Warren Buffett’s celebrated bet that the S&P 500 will outperform a portfolio of funds of hedge funds springs to mind in the wake of Berkshire Hathaway’s recent $400 million haircut as a result of Wal-Mart’s share-price decline. Although the Wal-Mart loss was a stinging one, it fell short of the $600 million plus loss Berkshire suffered with his bet on IBM. Yes … “Big Blue” may best describe the bruising the “Oracle of Omaha” just received.
Currently, Berkshire Hathaway is not (at this writing) outperforming the S&P 500 , which is up 4.48%, as compared to BRK-A, which is down 1.54%, a differential of about 6%—and not in Buffett’s favor.
Of course, these events represent nothing more than a snapshot in time. Everyone gets that, just as almost everyone gets the irony of Buffett’s present circumstance.
How’s the Bet Shaping Up?
Although current numbers are not available, this Financial Times article shows results through most of April, 2015 where it is apparent that Buffett is winning … so far. Protégé Partners, LLC, the second party to the wager, had net gains (after management and performance fees) of 19.6% compared to aggregate gains of 63.5% for the S&P 500.
Of course, with 25 months to go until December 31st, 2017, the end-date for this game of chance, anything could happen. One can only speculate on how many Wal-Mart and IBMs wait in the wings, any or many of which may show their hand before the contest ends.
What Are the Take-Aways?
Apart from the fact that Warren Buffett has little respect for hedge funds, their managers and the contribution hedge funds make to liquidity in our financial system, one take-away might be that his view is not widely accepted by institutional investors and high net worth individuals, who continue to invest heavily in hedge funds of all stripes.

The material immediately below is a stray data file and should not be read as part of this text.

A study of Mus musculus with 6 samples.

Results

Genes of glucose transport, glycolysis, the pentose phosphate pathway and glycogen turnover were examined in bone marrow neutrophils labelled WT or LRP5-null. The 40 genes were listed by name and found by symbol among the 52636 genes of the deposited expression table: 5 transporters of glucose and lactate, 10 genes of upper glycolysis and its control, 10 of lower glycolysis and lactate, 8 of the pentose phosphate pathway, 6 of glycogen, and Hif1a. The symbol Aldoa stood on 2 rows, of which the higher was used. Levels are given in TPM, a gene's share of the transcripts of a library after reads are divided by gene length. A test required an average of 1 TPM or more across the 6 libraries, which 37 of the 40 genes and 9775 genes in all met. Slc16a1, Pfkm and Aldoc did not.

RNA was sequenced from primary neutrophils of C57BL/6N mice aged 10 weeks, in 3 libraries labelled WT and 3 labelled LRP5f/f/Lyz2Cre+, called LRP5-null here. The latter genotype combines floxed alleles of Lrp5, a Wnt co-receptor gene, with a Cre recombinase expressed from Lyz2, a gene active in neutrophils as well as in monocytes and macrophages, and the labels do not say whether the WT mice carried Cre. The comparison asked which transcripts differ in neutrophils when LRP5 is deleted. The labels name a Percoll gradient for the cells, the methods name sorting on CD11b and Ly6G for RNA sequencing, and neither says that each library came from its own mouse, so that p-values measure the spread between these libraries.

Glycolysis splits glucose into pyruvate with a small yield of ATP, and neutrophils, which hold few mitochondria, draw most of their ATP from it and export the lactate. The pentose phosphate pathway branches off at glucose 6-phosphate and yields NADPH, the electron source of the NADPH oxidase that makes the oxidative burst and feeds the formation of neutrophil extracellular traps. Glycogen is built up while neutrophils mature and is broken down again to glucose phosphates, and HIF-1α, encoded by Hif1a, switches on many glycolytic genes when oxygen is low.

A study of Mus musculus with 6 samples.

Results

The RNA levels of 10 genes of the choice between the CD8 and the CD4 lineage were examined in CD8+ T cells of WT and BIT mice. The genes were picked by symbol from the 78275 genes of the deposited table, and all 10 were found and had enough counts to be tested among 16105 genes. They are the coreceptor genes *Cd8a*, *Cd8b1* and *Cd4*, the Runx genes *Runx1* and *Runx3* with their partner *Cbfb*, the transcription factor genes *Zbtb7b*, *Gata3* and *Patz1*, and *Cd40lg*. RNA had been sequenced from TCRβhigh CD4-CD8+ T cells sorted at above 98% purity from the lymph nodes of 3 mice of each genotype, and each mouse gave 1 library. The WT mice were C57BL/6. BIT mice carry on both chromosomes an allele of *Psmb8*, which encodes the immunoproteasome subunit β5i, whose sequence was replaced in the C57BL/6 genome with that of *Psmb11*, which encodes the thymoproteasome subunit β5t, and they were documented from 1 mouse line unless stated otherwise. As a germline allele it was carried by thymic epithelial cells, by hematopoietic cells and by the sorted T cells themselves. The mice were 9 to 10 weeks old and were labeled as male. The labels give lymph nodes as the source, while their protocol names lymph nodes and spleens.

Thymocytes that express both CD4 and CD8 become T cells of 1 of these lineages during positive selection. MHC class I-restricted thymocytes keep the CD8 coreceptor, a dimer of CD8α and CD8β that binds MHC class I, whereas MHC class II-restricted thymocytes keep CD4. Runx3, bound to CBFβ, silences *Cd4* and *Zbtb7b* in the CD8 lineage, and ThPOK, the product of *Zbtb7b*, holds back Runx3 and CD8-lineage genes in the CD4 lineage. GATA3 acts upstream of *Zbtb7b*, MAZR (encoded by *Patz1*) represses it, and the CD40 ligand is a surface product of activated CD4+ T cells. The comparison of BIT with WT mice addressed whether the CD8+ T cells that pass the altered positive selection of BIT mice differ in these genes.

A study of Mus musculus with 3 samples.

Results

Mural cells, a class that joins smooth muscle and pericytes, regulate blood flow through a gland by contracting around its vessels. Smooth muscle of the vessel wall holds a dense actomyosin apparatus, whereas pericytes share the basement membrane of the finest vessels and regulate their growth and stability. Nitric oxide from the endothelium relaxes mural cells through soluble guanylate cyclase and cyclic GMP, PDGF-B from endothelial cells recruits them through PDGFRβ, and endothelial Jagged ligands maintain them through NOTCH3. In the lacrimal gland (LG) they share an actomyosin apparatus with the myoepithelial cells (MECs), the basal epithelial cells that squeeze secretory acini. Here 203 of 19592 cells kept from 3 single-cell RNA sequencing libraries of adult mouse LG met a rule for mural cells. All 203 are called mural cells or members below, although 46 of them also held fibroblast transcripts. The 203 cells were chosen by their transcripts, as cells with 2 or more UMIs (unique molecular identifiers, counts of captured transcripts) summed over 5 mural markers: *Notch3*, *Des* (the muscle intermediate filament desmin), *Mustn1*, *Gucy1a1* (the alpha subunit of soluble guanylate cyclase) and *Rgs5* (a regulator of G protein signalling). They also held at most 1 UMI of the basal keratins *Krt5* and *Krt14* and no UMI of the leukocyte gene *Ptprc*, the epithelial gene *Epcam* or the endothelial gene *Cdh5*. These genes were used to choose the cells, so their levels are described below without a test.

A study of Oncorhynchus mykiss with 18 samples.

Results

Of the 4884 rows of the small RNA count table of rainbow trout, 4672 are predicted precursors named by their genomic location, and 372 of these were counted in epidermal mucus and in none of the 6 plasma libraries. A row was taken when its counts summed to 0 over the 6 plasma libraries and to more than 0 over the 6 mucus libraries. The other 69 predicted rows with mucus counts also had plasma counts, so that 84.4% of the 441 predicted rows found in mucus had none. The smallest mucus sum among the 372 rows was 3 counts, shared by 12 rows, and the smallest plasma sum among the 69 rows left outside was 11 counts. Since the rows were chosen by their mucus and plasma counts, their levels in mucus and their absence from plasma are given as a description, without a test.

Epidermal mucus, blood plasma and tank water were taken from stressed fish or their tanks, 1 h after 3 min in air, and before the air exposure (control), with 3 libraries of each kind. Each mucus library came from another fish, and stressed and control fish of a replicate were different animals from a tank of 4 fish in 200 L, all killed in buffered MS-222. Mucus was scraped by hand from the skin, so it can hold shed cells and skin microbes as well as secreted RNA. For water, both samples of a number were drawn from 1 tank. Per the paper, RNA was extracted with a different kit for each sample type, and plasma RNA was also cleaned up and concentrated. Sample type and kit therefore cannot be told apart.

At this bet’s inception on January 1, 2008, hedge fund assets under management were just north of $1.4 trillion. In the years that followed, hedge fund AUM has accelerated to more than twice that figure; a particularly stunning achievement given the fact that in no year since the clock began running on this wager have hedge funds out-performed the S&P 500.
The S&P 500 as a Benchmark
Institutional and high net worth individuals understand that the S&P 500 is not the ideal yardstick against which to measure hedge fund performance. More to the point, hedge fund investors understand there is a price to pay for investment expertise which, in the case of hedge funds, is manifested in management and performance fees.
The downside of Mr. Buffett’s bet against hedge funds is that less sophisticated investors may be persuaded to confine any foray they make into the investment world to one index fund or another with a result that might not mirror what has occurred in the highly regulated post financial crisis market of the past seven years.
Clearly those investing in hedge funds perceive an intrinsic value that Mr. Buffett is dismissing. It would behoove fledgling investors to learn what that value is.